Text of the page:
Adapted from Mehlman Castagnetti Rosen & Thomas; Graphic: Naema Ahmed/Axios

Here's a big part of the reason House Republicans lost the suburbs in the midterms: They were thrown out in 16 districts where at least 40% of the women have college degrees.

Why it matters: It means the gender gap and the education gap are combining into a huge demographic problem for Republicans. Per lobbyist Bruce Mehlman, who highlighted the shift in his slide deck on the midterms: "The new geography of Trump Era partisanship is turning suburban congressional districts into GOP killing fields, more than offsetting gerrymander gains by mobilizing intense opposition among college educated women, the beating heart of the suburbs."

Editor's note: This graphic has been updated to show that the California 45th district seat flipped to the Democrats. It has also been corrected to show that the Kansas 3rd district seat flipped to the Democrats and the Texas 21st and 3rd districts seats were won by the Republicans.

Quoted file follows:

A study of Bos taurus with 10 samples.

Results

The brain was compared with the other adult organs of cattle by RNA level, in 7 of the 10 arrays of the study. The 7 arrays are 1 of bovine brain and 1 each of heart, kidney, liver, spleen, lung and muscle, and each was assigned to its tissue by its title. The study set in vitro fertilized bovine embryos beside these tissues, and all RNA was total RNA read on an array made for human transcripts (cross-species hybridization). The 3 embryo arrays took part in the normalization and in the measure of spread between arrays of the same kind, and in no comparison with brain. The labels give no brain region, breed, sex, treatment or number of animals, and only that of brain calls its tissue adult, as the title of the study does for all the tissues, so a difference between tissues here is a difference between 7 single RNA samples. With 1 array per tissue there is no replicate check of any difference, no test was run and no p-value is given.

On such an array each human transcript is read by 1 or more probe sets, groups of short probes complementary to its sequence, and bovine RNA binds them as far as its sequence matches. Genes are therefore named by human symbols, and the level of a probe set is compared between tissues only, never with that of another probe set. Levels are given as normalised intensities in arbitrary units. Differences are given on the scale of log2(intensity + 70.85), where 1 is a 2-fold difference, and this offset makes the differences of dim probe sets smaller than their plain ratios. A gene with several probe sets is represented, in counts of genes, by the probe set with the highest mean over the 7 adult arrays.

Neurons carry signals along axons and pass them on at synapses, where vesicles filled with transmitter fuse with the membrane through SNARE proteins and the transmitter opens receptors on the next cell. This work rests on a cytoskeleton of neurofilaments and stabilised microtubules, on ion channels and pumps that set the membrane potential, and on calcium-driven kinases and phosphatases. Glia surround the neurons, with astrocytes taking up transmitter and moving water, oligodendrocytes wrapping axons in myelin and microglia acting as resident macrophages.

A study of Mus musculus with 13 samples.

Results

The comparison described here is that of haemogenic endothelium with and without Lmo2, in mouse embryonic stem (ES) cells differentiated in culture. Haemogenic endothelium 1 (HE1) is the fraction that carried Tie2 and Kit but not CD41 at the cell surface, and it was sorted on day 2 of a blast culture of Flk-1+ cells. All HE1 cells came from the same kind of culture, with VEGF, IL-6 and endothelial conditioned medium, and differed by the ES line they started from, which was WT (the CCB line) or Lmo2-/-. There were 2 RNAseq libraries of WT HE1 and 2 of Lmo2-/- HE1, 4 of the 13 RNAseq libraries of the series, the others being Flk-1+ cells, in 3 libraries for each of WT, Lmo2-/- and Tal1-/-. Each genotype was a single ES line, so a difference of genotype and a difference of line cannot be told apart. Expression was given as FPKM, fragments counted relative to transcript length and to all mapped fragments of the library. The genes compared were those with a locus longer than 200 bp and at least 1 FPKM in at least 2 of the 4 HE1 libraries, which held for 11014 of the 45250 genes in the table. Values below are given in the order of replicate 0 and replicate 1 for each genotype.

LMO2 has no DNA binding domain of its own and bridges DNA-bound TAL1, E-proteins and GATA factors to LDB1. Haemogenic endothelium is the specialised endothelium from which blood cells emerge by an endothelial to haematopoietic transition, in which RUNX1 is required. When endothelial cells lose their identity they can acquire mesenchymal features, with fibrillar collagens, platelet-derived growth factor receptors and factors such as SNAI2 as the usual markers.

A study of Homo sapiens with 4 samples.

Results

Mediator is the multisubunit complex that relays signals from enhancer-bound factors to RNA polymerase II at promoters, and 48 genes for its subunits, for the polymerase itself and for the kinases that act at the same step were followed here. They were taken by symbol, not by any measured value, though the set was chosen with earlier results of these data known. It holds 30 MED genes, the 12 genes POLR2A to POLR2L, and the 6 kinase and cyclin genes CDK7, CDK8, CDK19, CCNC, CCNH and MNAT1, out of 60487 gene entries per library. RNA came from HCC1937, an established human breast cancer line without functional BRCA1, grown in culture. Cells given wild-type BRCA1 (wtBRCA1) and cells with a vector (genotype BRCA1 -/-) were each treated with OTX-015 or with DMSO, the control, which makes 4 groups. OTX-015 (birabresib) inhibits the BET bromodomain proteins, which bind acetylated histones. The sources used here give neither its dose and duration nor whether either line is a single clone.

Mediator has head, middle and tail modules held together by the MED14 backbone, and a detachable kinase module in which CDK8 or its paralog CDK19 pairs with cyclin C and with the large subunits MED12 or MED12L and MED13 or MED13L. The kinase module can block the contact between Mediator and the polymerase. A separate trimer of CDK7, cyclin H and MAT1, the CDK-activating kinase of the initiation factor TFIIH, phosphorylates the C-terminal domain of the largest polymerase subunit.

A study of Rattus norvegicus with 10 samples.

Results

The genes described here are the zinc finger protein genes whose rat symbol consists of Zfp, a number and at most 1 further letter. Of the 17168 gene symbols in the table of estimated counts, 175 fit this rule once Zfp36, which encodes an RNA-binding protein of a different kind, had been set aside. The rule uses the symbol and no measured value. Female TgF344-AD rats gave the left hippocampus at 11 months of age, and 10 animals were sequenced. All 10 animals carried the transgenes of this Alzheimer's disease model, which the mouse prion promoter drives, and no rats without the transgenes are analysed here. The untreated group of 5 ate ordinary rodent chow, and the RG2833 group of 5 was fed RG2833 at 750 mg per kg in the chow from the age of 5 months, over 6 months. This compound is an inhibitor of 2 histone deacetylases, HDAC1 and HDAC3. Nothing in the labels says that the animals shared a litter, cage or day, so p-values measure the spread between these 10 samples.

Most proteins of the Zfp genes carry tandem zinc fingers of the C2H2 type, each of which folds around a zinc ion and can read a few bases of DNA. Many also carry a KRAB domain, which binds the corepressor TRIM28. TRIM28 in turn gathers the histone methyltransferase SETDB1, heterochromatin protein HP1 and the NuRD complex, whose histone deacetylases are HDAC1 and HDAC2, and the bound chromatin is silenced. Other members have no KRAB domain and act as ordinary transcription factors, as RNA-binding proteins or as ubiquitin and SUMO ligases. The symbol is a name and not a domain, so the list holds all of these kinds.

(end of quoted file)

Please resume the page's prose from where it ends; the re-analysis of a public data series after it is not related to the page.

Go deeper

In photos: D.C. and U.S. states on alert for pre-inauguration violence

National Guard troops stand behind security fencing with the dome of the U.S. Capitol Building behind them, on Jan. 16. Photo: Kent Nishimura / Los Angeles Times via Getty Images

Security has been stepped up in Washington, D.C., and state capitols across the U.S. as authorities brace for potential violence this weekend.

Driving the news: Following the Jan. 6 insurrection at the U.S. Capitol by some supporters of President Trump, the FBI has said there could be armed protests in D.C. and in all 50 state capitols in the run-up to President-elect Joe Biden's inauguration Wednesday.

The new Washington

Illustration: Sarah Grillo/Axios

The Axios subject-matter experts brief you on the incoming administration's plans and team.

Rep. Lou Correa tests positive for COVID-19

Lou Correa. Photo: Tom Williams/CQ-Roll Call, Inc via Getty Images

Rep. Lou Correa (D-Calif.) announced on Saturday that he has tested positive for the coronavirus.

Why it matters: Correa is the latest Democratic lawmaker to share his positive test results after last week's deadly Capitol riot. Correa did not shelter in the designated safe zone with his congressional colleagues during the siege, per a spokesperson, instead staying outside to help Capitol Police.